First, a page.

Plain Language Labelling Summary



Plain Language Labelling Summary


Posted: Monday July 24th, 2017

Author: Pinky Madhur

A few years ago on June 13th, 2015, the Plain Language Labelling Regulations became effective for prescription drugs in Canada. This new regulation affected pharmaceutical drugs, biologic drugs, and radiopharmaceutical drugs, but it did not apply to medical devices, veterinary drugs, or natural health products. This year on June 13th, 2017, the Plain Language Labelling Regulations became effective for non-prescription drugs as well.

As stated in the Questions and Answers: Plain Language Labelling Regulations guidance, the purpose of the Plain Language Labelling Regulations is to improve the understanding of information provided on drug labels and packages, by making them easier to read and understand. This would help prevent confusion on how to use drug products and enhance the safe use of drugs in Canada. To carry out its purpose, the Plain Language Labelling Regulations introduced multiple new requirements for drug product submissions received on or after their respective effective dates. Some of these requirements include:

·         Ensuring that the information provided on the drug product label is expressed in “plain language” and prominently displayed. This requirement applies to both prescription and non-prescription drug products, to help patient/consumer/target audience comprehension of labels for safe drug use. This also requires labels and packages to be formatted and presented in a manner that does not prevent understanding of the information.

·         Assessing the brand name of the drug product against similar drug products to prevent confusion and reduce patient risk. Health Canada is concerned with Look-alike sound-alike names of drug products and enforces this requirement to prevent errors due to similar drug names when self-selecting, prescribing, transcribing, etc., medication for patient use. Errors in these activities could result in patient harm and even be fatal. A brand name assessment of the drug product would help towards patient safety.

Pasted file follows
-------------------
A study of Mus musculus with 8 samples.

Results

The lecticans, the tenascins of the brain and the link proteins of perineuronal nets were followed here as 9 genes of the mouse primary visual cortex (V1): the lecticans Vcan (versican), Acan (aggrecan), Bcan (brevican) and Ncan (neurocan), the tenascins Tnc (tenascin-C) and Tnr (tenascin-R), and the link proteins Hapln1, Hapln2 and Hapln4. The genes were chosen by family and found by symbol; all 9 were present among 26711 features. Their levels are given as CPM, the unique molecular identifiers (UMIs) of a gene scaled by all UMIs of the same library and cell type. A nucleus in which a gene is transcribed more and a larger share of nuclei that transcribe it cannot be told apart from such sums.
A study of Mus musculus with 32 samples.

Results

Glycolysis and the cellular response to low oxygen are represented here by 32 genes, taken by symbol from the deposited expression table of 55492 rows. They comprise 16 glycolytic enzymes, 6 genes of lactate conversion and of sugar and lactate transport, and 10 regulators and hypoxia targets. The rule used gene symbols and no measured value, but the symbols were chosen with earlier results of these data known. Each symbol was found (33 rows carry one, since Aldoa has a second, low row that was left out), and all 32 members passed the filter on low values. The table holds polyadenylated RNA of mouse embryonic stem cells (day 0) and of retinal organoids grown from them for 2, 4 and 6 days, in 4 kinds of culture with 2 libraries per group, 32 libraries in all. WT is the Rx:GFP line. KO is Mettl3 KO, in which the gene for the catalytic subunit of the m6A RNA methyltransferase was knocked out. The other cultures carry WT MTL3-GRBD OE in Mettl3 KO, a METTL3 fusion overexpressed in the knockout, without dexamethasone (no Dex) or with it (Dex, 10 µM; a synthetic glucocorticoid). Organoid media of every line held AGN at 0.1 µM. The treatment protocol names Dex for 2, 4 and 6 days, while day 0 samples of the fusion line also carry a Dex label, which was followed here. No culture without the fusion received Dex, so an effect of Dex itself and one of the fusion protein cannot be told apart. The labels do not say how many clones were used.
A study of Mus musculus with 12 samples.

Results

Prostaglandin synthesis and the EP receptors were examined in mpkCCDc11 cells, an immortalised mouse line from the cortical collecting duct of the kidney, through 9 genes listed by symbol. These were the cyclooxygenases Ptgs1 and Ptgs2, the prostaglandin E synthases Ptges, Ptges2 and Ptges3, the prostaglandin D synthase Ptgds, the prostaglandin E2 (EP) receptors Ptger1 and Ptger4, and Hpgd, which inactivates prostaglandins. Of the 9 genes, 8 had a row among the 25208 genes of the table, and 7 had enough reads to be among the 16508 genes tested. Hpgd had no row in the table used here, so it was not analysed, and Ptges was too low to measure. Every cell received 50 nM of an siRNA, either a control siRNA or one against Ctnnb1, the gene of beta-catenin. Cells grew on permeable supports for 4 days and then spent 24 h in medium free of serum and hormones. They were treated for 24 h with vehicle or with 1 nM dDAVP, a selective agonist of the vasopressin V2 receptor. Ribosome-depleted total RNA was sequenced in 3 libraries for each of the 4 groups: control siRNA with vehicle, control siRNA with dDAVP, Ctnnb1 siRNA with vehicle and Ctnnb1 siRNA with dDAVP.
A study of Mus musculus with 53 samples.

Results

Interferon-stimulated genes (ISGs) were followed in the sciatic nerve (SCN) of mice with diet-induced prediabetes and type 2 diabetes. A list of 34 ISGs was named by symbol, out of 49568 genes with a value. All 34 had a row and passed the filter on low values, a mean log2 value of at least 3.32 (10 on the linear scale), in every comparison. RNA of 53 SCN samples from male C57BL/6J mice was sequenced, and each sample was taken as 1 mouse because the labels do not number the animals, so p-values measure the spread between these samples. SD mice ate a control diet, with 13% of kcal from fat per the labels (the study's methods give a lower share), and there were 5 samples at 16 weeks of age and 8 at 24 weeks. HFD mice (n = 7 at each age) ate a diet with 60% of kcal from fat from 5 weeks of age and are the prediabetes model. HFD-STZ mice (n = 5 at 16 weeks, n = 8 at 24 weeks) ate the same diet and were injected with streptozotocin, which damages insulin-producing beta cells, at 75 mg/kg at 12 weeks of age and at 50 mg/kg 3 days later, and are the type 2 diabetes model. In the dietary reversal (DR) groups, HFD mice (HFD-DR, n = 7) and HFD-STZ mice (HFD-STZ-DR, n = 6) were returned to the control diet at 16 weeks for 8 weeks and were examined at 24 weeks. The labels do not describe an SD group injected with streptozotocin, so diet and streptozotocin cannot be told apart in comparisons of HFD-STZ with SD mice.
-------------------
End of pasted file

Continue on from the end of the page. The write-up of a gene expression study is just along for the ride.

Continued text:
·         Providing contact information for adverse events on the inner and outer labels of drug products. This will allow patients/consumers to contact the appropriate contact person if there is an adverse event (e.g. adverse reaction, medication error, etc.) or if they have a question about the drug product. The contact information could be provided as a toll-free number, email, or website, as these are the recommended methods of contact. The contact person is required to be located in Canada, but their name does not have to be listed.

·         The submission of mock-ups of labels and packages for Health Canada to review. The review will consider the font size, type, colour, and placement of the information on the label to check if they prevent legibility or understanding of the information. The Questions and Answers: Plain Language Labelling Regulations guidance suggests that labels be submitted for review as unlocked PDF files, to allow reviewers to check the font type and size of the information on the labels.

It is important to note that some of the Plain Language Labelling requirements differ for different drug product types. Please refer directly to the Health Canada guidance and regulations for complete and original information on these regulatory requirements for compliance. A link to the guidance can be found in the reference below.

Reference:

Questions and Answers: Plain Language Labelling Regulations

https://www.canada.ca/content/dam/hc-sc/migration/hc-sc/dhp-mps/alt_formats/pdf/prodpharma/applic-demande/guide-ld/pll_qa_fin_qr_elc-eng.pdf

Thank you for reading Regulated Affairs, the CAPRA blog. CAPRA is a non-profit organization dedicated to providing professional development opportunities in Regulatory Affairs. Feel free to share our blog posts and join us on social media.